Universal Credit Claimants Causing Landlords’ Rental Arrears

Universal Credit is undoubtedly causing many landlords rental arrears because of the amount of time it takes for a tenant on housing benefit to receive their first payment.

A trade association says that over half of landlords – 54% – in the last year have had to contend with rental arrears and 82% of those stated this had only occurred when their tenants on benefits, were switched to the new Universal Credit system.

68% of these landlords also said that the Universal Credit housing benefit was lower than their tenant’s original housing benefit allowance.

Landlords are able to access rental payments directly from the DWP, only when their Universal Credit tenant has fallen behind with their rent payments by two months so they can then apply for the Alternative Payment Arrangement (APA).

The association’s research found that it takes on average 8.5 weeks for a landlord to be accepted into the APA scheme. In many cases it caused landlords to be out of pocket for up to four months worth of rent, before they finally started to receive payments.

62% of landlords that have tenants receiving housing benefit are extremely concerned that when they are switched to Universal Credit, they will fall behind with their rent payments.

The survey also found that 36% of landlords said within their BTL mortgage conditions they would not be able to rent the property to housing benefit claimants.

The association is urging the government to make changes to the benefits system to wipe out rental arrears when recipients are switched to Universal Credit, which include:

• Giving all tenants from the start of a claim for Universal Credit the ability to choose to have the housing element paid directly to their landlord.

• Ending the five week waiting period to receive the first Universal Credit payment.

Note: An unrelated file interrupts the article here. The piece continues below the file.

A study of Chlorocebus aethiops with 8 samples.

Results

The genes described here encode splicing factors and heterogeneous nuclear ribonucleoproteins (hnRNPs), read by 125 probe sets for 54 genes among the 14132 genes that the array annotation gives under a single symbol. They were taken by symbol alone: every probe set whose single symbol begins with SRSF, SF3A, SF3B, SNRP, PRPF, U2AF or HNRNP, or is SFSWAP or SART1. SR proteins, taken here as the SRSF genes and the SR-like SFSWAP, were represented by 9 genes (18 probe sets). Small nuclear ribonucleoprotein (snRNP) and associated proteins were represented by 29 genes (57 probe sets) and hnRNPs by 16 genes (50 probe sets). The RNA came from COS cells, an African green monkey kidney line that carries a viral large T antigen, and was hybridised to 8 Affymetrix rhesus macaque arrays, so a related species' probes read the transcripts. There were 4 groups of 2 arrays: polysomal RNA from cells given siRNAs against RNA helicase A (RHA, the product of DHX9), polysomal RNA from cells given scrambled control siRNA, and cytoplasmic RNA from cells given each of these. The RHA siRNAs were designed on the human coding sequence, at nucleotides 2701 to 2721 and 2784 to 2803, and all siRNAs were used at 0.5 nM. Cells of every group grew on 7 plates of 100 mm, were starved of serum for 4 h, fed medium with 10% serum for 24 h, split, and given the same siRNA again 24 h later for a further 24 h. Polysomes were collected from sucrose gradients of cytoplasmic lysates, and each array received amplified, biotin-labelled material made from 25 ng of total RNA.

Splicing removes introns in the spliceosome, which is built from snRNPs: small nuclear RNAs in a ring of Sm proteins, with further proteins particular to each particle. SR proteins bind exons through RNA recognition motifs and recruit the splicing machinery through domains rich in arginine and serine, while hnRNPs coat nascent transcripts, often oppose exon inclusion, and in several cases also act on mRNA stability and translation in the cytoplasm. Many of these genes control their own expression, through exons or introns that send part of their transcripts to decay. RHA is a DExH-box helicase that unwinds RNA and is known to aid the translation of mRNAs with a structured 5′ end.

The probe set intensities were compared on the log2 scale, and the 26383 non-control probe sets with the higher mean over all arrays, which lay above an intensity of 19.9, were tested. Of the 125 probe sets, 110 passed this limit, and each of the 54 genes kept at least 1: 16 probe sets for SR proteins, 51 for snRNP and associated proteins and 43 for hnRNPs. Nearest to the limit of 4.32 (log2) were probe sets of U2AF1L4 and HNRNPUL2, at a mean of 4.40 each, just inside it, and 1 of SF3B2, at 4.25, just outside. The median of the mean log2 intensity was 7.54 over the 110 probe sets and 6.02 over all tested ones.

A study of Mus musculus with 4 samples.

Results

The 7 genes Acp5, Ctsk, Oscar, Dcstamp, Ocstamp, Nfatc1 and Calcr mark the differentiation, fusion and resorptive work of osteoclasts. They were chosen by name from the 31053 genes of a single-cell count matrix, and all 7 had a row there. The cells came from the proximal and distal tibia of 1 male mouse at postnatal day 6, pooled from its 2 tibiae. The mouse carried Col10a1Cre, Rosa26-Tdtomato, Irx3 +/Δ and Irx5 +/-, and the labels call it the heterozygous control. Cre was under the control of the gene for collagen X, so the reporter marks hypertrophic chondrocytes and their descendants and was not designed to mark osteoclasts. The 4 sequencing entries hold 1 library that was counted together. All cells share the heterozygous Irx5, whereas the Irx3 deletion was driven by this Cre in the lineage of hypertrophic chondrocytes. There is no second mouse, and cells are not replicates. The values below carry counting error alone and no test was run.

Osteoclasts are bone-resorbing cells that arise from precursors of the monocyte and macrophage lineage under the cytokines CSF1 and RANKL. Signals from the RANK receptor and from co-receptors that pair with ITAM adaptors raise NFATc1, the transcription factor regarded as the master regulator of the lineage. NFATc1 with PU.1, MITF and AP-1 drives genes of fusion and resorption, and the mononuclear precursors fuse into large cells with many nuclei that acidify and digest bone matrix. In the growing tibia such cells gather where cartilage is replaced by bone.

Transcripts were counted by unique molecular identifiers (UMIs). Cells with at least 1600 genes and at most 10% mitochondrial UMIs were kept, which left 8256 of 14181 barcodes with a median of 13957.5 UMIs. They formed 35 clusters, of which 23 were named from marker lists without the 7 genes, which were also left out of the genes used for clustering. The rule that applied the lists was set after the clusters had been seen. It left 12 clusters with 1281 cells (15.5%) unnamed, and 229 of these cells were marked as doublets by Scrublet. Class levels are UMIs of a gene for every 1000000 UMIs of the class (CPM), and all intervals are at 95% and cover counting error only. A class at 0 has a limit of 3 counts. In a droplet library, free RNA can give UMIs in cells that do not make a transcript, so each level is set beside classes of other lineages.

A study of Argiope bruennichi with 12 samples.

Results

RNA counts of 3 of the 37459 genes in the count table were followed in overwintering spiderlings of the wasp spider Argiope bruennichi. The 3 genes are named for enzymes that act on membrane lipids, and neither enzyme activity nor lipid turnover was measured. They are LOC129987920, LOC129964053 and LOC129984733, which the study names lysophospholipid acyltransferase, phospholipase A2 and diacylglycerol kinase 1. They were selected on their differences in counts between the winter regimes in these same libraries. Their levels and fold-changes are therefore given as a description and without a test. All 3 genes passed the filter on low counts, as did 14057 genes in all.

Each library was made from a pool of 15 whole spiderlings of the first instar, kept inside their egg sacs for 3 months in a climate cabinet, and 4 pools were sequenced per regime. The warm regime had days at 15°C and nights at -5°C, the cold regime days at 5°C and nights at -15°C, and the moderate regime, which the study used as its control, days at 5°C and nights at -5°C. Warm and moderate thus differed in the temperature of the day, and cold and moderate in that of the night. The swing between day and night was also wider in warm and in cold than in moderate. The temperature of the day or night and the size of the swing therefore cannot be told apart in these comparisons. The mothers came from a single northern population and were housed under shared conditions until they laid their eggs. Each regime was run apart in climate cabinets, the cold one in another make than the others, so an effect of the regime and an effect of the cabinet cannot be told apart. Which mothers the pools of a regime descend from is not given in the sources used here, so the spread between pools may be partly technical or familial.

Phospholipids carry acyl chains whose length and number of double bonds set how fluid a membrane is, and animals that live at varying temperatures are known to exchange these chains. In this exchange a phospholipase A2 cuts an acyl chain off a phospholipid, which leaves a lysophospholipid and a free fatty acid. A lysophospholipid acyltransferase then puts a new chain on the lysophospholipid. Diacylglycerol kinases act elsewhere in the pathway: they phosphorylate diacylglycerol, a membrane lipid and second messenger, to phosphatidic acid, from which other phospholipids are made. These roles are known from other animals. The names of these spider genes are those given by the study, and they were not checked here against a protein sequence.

• Ending the Local Housing Allowance freeze to ensure it reflects the realities of private sector rents.

A spokesperson for the association, said: “Today’s research shows the stark challenges the Government still has in ensuring Universal Credit works for tenants and landlords.

“The system only provides extra support once tenants are in rent arrears. Instead, more should be done to prevent tenants falling behind with their in the first place.

“Only then will landlords have the confidence that they need that tenants being on Universal Credit does not pose a financial risk that they are unable to shoulder. Without such changes, benefit claimants will struggle to find the homes to rent they need.”

DWP spokesperson adds: “Many people join Universal Credit with existing rent arrears, but this number falls by a third after four months, and the number of landlords reporting Universal Credit tenants experiencing rent arrears has fallen over the last year.

“The best way to help people pay their rent is to support them into work, and Universal Credit is helping people to get into work faster and stay in work longer than the old system.

“We continue to work closely with landlords and tenants to make improvements to Universal Credit where necessary, including 100 per cent advances available from day one of a claim.”